Little boys are unusual to say the least.  I’m saying this from the perspective of someone who until relatively recently didn’t pay too much attention to details like these.  Not until the role of parent was introduced into my life.  Like most rookie-father-figure-types-in-the-beginning-stages, I was at once excited and terrified of everything that this one single word could mean: father!

The responsibilities that come along with it, even more reason to spend countless nights tossing and turning wondering just how badly I could screw up a kid.  I mean by all accounts my childhood was pretty normal, and yeah my youngest siblings were so much younger than me that at times it was easy to forget they weren’t my own kids, but being a very involved older brother was very different from being completely responsible for another human being.  What if I just wasn’t ready?

Taking things one step at a time.

Coming to terms with the expectations

I’ve never been much of a sports fan, my skills as both a handyman and a mechanic are pretty slim – I know just enough to get by – and while my brute strength is exactly what you’d expect it to be for a man my size, there was always that question in the back of my mind – what if it’s not enough?

What I started realizing a couple of years ago, though, probably since Edgar could talk in full sentences, is that all of that stuff really doesn’t matter.  Sure it’s important for his social development, especially as he gets older and things like baseball and football become more important among his friends, but those aren’t the things he’s been depending on me for, up until now.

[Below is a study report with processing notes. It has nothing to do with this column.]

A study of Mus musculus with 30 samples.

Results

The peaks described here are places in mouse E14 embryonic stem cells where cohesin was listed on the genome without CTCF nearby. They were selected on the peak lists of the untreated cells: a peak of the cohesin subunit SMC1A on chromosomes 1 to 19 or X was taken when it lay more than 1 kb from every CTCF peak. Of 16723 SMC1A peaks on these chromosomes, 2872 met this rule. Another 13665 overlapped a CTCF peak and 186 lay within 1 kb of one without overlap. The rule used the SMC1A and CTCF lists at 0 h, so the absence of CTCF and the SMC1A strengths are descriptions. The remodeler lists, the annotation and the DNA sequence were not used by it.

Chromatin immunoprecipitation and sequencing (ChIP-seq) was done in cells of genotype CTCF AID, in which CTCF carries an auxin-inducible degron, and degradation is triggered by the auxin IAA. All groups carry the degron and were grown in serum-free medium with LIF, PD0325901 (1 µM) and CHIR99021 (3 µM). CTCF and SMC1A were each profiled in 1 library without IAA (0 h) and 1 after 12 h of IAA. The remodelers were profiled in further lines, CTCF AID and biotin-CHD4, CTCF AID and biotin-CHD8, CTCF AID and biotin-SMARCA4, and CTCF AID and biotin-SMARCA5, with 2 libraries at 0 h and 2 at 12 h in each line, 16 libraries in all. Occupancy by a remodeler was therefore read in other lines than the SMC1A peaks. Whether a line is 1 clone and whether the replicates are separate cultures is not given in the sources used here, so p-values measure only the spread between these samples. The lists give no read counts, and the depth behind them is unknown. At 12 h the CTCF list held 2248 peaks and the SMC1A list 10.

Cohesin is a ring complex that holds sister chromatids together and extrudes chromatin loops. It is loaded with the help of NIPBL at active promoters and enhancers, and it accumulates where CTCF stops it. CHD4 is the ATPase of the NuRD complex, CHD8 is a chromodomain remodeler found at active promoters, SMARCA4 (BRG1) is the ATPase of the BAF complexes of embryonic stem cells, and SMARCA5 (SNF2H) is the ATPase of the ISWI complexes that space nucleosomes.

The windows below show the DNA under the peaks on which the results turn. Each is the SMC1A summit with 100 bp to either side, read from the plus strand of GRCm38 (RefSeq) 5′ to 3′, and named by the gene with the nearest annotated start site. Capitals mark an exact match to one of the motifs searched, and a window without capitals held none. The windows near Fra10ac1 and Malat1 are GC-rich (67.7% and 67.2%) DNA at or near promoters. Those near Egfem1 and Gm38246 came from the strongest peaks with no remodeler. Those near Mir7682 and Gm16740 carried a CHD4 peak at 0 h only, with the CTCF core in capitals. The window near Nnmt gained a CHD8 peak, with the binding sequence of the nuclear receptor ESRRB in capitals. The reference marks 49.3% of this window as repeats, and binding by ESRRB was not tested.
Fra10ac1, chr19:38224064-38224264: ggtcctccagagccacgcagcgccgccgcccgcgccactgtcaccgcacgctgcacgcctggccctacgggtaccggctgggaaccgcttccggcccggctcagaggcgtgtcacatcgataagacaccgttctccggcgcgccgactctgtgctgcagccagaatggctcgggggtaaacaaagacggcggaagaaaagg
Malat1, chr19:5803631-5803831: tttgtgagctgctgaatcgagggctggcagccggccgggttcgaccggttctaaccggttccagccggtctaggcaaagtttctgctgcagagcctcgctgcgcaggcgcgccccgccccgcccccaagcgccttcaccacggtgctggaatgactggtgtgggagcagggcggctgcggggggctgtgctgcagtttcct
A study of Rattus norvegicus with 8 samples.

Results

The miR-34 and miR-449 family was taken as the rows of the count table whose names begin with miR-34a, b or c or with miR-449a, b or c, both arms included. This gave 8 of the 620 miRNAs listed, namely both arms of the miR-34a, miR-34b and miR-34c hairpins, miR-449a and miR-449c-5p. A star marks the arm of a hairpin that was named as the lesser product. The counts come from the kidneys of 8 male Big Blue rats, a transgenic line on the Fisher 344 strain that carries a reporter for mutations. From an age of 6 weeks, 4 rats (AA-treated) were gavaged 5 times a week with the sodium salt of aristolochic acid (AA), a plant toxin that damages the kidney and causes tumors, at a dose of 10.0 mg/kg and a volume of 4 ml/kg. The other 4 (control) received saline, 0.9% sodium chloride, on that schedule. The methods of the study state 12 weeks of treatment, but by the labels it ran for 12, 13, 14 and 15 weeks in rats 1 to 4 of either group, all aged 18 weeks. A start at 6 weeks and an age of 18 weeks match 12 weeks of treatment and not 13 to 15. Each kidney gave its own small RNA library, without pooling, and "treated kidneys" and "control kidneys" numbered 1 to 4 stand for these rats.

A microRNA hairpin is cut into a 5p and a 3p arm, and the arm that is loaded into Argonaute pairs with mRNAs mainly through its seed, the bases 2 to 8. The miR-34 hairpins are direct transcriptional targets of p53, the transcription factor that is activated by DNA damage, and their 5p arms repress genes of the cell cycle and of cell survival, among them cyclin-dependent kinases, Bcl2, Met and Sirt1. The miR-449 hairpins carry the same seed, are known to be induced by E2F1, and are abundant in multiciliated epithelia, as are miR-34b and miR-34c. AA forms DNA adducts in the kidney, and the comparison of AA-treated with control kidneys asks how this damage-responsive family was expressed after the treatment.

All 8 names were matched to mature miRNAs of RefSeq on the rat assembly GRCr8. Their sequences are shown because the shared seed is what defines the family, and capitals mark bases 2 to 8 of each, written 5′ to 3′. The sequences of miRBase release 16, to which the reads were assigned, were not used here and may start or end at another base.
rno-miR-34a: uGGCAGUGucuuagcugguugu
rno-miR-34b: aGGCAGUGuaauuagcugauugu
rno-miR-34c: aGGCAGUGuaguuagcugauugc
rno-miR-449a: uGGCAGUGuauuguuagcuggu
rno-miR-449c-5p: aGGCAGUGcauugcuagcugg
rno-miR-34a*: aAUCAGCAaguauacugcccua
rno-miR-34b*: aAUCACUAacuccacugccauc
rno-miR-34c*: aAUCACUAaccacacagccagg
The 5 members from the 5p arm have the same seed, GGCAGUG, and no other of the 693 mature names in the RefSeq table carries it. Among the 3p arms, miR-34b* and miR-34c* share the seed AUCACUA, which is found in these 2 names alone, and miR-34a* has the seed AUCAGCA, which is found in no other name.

Embracing and accepting things as they are right now

I was the one that taught him how to use the restroom standing up.  I was the one who showed him how to spit.  I was the one who told him it was okay to sing as loud as he wanted to in the car… yes, even to the songs sung by female artists, just as long as he didn’t do it in front of his friends.  I’m the one who pushed him in the water and told him to start swimming.  His mother yelled at me for that one.  I’m the one that tells him “Stop crying!  Do it again!  Keep practicing.  That’s how you learn.”

He looks up to me for things I never even imagined he would.

Every time I spit, he spits right after me.  If we’re going to bed and I take of my shirt he does the same.  If I take off my tennis shoes and put on a pair of sandals, he does the same.  I have a wallet.  He wants one too.  He wants to pump gas, he wants to spray down the truck at the car wash, he wants to go to work with me, and one day work in the same office building “so that we can go to lunch together everyday.”  I can’t imagine what it is to see myself through those eyes.

And hey, who knows how long this phase will last – kids are also pretty unpredictable – but for the moment I am completely okay with the way things are.